November 18, 2002

How high it bounces is dependent upon the coefficient of restitution. This is a mathematical property which allows us to predict how far an object will rebound. The formula isn't complicated mathematically -- the coefficient is equal to the square root of the ratio of bounce height to drop height -- but it's a number determined only through experimentation. The coefficient of restitution is always less than one. If it were exactly one, then the object would bounce all the way back up (and never stop bouncing).

A regulation tennis ball, for example, is required to bounce at least 53 inches when dropped from the height of 100 inches. The coefficient of restitution is therefore equal to the square root of 0.53, or approximately 0.728. In comparison, a wet wad of paper has a coefficient of restitution equal to zero. It just goes plop.

This idea got me wondering about the idiom "bouncing back." It's a phrase used in response to defeat or loss. A company's stock price might drop 20 points, but if it "bounces back" it should regain the entire loss. When a couple breaks up, we hope they'll bounce back over time, recovering their emotional well-being. The problem with how we use this expression is that the coefficient of restitution can't be equal to one. We expect things to go back to their original state.

This is psychologically (and mathematically) impossible. Changes in our lives are responsible for changes within us. We become different people. We grow. Conflict and failure educate us, granting us strength and wisdom. To bounce back entirely -- to maintain a coefficient of one -- is to stagnate and deny our feelings. Life is challenging enough without insisting on mathematically perfect recovery.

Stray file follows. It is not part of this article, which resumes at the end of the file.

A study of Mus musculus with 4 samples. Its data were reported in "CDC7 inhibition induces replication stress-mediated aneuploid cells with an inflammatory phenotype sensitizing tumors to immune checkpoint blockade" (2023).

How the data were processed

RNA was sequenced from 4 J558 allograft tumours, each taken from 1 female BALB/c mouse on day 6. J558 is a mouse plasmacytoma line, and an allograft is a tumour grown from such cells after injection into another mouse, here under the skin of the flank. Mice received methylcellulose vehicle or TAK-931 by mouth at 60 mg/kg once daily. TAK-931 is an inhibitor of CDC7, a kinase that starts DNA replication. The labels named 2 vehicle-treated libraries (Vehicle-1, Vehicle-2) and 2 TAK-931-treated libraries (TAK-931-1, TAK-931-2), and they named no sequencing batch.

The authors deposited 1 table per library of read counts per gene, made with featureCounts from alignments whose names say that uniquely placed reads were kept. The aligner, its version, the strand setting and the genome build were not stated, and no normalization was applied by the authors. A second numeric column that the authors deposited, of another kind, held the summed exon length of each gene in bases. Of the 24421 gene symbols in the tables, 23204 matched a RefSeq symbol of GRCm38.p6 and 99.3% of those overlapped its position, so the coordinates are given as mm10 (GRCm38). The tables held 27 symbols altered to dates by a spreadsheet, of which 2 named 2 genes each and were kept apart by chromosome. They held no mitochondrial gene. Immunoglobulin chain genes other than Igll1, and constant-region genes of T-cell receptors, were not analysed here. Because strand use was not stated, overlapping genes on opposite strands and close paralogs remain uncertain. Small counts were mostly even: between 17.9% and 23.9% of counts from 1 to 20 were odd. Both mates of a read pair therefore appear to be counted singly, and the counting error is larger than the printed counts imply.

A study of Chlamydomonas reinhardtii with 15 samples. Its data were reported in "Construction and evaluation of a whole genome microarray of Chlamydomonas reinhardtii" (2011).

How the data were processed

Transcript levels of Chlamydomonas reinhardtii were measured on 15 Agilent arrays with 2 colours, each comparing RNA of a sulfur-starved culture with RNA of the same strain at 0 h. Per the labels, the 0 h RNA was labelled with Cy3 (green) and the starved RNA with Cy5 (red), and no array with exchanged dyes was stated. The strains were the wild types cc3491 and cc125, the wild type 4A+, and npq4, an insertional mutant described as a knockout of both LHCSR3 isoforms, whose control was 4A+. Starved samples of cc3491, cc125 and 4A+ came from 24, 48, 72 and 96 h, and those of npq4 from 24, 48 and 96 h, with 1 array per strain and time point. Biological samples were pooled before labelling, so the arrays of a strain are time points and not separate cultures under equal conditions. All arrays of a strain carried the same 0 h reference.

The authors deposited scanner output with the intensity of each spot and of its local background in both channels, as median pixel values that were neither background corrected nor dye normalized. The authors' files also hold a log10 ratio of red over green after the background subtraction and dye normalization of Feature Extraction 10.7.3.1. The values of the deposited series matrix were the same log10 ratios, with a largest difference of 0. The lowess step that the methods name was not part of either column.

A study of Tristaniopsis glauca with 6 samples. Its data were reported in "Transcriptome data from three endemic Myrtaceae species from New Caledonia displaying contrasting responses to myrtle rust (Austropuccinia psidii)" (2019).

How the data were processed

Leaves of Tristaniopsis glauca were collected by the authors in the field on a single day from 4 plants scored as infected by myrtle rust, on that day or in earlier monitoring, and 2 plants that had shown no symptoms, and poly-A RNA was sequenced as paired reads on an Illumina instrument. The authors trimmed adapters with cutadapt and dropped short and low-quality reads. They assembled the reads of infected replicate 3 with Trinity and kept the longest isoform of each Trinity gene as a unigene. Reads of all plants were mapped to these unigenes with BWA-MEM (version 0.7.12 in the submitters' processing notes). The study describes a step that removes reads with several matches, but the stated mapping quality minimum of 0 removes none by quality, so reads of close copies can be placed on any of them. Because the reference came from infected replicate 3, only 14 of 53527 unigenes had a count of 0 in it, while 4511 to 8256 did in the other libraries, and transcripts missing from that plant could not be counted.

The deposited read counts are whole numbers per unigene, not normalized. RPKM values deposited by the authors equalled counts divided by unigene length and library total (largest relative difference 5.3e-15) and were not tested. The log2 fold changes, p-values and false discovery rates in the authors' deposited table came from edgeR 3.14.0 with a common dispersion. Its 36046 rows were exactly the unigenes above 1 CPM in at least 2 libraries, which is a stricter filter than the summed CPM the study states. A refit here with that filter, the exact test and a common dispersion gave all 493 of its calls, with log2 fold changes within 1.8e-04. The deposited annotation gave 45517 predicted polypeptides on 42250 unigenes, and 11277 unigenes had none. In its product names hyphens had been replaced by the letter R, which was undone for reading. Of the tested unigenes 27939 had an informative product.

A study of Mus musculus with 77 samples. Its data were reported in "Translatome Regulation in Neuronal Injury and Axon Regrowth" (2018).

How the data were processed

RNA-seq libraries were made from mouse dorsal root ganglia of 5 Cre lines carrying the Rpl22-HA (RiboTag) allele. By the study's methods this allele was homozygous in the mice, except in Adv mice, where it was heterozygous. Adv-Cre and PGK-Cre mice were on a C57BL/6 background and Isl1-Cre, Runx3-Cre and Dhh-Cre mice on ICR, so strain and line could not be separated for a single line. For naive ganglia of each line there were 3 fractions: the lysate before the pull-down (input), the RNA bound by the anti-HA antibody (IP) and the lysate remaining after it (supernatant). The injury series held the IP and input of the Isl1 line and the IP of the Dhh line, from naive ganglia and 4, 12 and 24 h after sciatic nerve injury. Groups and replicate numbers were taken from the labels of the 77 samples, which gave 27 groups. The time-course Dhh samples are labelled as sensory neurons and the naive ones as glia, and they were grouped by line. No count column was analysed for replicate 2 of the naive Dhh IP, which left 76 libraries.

Remember, the coefficient of restitution doesn't depend on external forces. Regardless of how high the tennis ball is when it drops, its bounciness is the same. Drop it from a greater height and it will bounce more. At extreme heights there are other forces at play, like the wind resistance on the tennis ball's nap, but these are external forces.

The "bounciness" of people is part of their nature. Some recover well, and some are sore losers. Our inherent qualities of emotional strength, sense of humor, and sense of reason contribute to our recoverability. Recovery may be difficult, but it's always just as likely. This means that we are going to recover from a death in the family just as often as we can for a failed investment, or a bad golf game. In other words, if you can survive a bad hair day, you can survive anything. Hard to believe, isn't it?

But our coefficients of restitution are entirely within our control. We can train ourselves to bounce back better when the small stuff goes wrong. We can become better losers and to take criticism less personally. We can accept our failures by simply trying again, and soon. Why be a depressing wet blanket when you can be a strong, whole human being?

Have you ever seen a wet blanket bounce?